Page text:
Rock, Paper, Scissors? What’s The Best Way You Can Learn How To Retire?


Scissors and the rock dollar


Who would you rather show you how best to save and invest for retirement? An accomplished advertising copywriter? A radiant teacher? A celebrated movie director?

If you answered “Yes!” to the above multiple-choice question you’re far more astute than you might give yourself credit for.

This is about the above choice in terms of the evolution of media platforms.

In the beginning, there was the written word. It represented the rock of communication. It was steady. It was reliable. And it stuck around for a long time.

Then came radio. It was much lighter than print. Rather than being bound by the gravity of the page, radio allowed words to float in the airwaves, much in the same way paper can drift above and cover a rock.

Finally, video, in the form of television, ascended from the engineering labs. With this, pictures sharpened the words. What was once text was forged into scissors that allowed television to cut through the communicative advantages of radio.

Of course, at some point, we all know that rock can crush scissors. Does the analogy break down here?

Everyone has a different learning style. There’s no question about that. But, do you know that certain methods are proven to work more effectively than others? And how does this help you learn how to retire?

Face it, you’ve only got one chance to get retirement right. You shouldn’t worry too much about this because you know a lot of people have demonstrated they can get retirement right.

Some are lucky. Some work hard. Many, however, make a study of it and glide into a comfortable retirement.

What’s their secret?

There’s plenty of material available to learn how to retire in comfort. There are books. There are podcasts. There are endless YouTube channels. They all contain similar information. What’s best for you?

Part of it depends on your situation.

If you’re sitting at your desk, you can scan the printed word much faster than you can either listen to audio or watch a video. Moreover, say you want to really expend the energy to absorb the material. Text allows you to quickly bounce from section to section. You can easily re-read something for comprehension. There’s no need to rewind a virtual tape and guess where you need to stop.

On the other hand, let’s say you’re a big-time commuter. Well, maybe not right now. Maybe you spend hours at the gym. Oh, yeah, maybe not right now, either. More likely, right now you’re spending time walking around the neighborhood or on your riding lawn mower or any other activity that permits you to free up your brain, (but not too much).

This is the time that audio comes in most handy. Speaking of hands, they’re usually occupied holding on to something, so they can’t hold text for your eyes to read. And, about those eyes, they’re generally going to be used for something in one of these activities, so that rules out video.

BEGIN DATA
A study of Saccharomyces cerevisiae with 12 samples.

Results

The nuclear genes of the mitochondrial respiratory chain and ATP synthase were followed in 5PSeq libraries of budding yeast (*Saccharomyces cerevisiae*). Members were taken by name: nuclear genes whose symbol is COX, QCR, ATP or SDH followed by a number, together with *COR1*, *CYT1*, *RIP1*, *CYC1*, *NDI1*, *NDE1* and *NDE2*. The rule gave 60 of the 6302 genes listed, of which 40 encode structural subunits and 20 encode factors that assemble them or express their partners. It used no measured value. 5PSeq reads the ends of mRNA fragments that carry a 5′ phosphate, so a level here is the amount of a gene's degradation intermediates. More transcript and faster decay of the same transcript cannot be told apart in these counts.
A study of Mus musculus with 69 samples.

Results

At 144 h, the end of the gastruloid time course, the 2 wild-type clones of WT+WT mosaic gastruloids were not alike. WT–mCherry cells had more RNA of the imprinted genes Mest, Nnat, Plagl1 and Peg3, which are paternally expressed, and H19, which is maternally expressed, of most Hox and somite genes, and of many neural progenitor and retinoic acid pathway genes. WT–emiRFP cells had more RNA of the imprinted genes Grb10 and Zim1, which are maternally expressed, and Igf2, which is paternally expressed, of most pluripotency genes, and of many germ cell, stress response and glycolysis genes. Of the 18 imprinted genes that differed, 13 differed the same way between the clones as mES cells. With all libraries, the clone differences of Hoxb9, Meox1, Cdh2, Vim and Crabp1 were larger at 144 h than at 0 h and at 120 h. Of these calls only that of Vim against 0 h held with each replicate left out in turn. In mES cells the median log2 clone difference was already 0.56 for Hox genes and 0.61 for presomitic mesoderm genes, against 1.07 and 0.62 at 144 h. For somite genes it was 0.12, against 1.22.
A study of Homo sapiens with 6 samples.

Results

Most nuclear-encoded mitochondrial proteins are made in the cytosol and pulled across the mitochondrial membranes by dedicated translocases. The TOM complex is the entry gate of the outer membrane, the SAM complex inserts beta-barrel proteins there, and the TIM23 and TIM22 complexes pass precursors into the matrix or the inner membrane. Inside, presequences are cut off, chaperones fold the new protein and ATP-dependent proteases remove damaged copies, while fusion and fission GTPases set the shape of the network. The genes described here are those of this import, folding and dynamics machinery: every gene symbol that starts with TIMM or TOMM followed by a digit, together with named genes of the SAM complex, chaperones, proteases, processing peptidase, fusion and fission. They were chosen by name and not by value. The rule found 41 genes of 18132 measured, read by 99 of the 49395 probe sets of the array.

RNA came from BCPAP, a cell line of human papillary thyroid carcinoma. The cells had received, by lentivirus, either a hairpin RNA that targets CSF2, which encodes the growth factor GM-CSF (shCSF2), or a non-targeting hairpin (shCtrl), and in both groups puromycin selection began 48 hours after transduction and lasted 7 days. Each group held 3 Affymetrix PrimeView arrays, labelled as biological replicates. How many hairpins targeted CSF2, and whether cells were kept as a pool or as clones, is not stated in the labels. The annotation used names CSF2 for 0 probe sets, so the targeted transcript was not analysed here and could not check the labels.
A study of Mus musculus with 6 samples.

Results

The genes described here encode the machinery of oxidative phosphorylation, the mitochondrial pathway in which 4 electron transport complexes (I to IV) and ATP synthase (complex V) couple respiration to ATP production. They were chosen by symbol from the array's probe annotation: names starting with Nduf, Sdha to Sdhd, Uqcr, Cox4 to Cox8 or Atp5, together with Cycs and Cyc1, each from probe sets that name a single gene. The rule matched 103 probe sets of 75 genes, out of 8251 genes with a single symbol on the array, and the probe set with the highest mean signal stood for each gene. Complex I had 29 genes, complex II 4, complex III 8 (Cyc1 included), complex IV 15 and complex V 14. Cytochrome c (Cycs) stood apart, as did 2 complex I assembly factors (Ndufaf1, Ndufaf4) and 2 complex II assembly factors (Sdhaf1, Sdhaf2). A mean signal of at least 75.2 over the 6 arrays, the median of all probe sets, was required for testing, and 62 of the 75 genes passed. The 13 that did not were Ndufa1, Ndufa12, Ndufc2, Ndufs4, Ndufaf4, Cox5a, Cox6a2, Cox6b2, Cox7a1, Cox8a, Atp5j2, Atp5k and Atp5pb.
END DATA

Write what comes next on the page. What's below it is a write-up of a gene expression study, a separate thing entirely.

What happens, though, if you find yourself pedaling away on your brand-new Peloton bike or walking on a treadmill. Sure, your hands are busy, but you don’t need your eyes to keep on the lookout for oncoming traffic. Now you have options. You could go with old, reliable audio. But video offers to delight you more. It’s the visuals that compel you most to retain what’s being said.

And that retention is the key. There’s no point in learning if you don’t retain the material. Retirement is not a test you can pull an all-nighter and cram for. No, it’s a slow-and-steady-wins-the-race sort of thing. Pick up a piece of knowledge here, implement it there.

It’s not simply saying video beats all. It’s the way you consume video that makes all the difference in the world. A 2009 U.S. Department of Education Report says, “the effect of video on learning hinged on the learner’s ability to control the video (‘interactive video’).” In other words, you’re more likely to learn from a video game than from a YouTube video.

Aye, there’s the rub. In fact, that same report says, “many researchers have hypothesized that the addition of images, graphics, audio, video or some combination would enhance student learning and positively affect achievement. However, the majority of studies to date have found that these media features do not affect learning outcomes significantly.”

It’s not the media. It’s not the message. It’s the engagement.

The abstract from a February 1, 1996 research article published in Personality and Social Psychology Bulletin explains: “Two studies demonstrate that making a volunteer decision by doing something results in more commitment to it than making the identical decision by doing nothing.”

Would you like to think you’re committed to achieving a comfortable retirement? Then don’t rely on a book or a podcast or a YouTube video to get you there. Find a learning venue that requires engagement.

It could be in the form of a class. It could be in the form of a game. Whatever its form, make sure it doesn’t allow you to sit back and enjoy the show. It must demand some action of you. Not after the lesson, but during the lesson as a requirement before moving to the next lesson.

You see, video may have killed the radio star, but the rock of engagement breaks the cutting edge of video.